Section of house collapses week after he lost his manufacturing job because of plant shutdown.

The rear of Richard and Irene Kasisky’s home at 18 Coal St. in Nanticoke collapsed Thursday.


An emotional Richard Kasisky, 61, pauses during an interview with a local TV station. He was returning from an unemployment benefits meeting for former HPG International employees when he discovered the damage.


NANTICOKE – A man who lost his job last week at a Mountain Top manufacturing plant has now lost his Coal Street home, at least temporarily, after the rear addition collapsed Thursday afternoon.

Richard Kasisky, 61, couldn’t even turn onto his street when he returned from a three-hour unemployment benefits meeting for former HPG International employees because the one-way street was blocked with fire trucks responding to his home at 18 Coal St.

Yellow plastic caution tape is wrapped around the front porch, front doors and the backyard to prevent people and children from wandering around the property and possibly getting hurt in the debris.

Two yellow posters issued by Nanticoke Code Enforcement Officer Joe Kurdick condemned the house as dangerous and unsafe.

No one was hurt in the collapse.

Kasisky’s wife, Irene, said she was in the kitchen cooking when she heard “click-click-then boom” as the rear section, an add-on addition of their home, collapsed around 5:30 p.m.

Looking out the kitchen window she could no longer see the back portion’s roof, so she moved into the living room for safety.

“It shook a little bit, but the main house seems sound. We were in there and we were walking around,” Richard Kasisky said.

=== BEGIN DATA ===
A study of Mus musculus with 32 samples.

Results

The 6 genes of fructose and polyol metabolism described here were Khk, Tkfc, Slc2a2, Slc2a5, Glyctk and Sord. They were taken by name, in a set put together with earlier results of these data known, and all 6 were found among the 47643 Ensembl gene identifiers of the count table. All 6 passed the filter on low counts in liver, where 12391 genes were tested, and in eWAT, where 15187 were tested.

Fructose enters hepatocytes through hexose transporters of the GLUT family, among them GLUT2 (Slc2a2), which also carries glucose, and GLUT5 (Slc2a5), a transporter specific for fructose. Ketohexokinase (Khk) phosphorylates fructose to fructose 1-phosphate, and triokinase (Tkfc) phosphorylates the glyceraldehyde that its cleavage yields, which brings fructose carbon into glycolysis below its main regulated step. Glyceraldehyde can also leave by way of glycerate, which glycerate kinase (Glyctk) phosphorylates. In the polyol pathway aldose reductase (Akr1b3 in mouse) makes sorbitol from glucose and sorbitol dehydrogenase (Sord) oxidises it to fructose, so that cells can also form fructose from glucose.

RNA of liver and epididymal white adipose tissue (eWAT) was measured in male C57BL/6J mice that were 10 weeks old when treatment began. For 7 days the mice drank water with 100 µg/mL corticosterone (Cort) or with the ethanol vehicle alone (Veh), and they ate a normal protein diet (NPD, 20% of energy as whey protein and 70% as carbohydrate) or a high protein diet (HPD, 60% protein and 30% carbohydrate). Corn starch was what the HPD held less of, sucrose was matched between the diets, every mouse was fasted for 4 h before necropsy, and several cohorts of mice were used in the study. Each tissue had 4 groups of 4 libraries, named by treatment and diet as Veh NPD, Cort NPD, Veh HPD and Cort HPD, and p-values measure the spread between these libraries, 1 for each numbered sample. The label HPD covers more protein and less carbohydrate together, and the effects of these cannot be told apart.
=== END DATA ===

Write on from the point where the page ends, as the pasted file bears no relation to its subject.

The family hopes to move back into their home, but they must hire their own engineer to inspect the home to see if it is structurally sound. They city’s engineer inspected the home Thursday night, Kasisky said.

The Kasiskys don’t know if their home insurance will cover the damage.

The Kasiskys stayed with their daughter Thursday night, but don’t know where they will be living now.

The family used the rear portion, which was on add-on addition to the former double-block, for storage of tools and a deep freezer loaded with food that must now be thrown out, Richard Kasisky said.

Over the past several months he had been working to tear down sections of the storage room because the room began pulling away from the main structure, he said.

Snow and freezing cold temperatures over the winter months delayed him in being able to remove the entire section, he added.

The house, an original coal company house was built around 1895 and was valued at $72,000 during the county’s recent property reassessment. After an informal review with the reassessment company, 21st Century Appraisals Inc., the home’s value was increased $10,000 to a total of $82,000.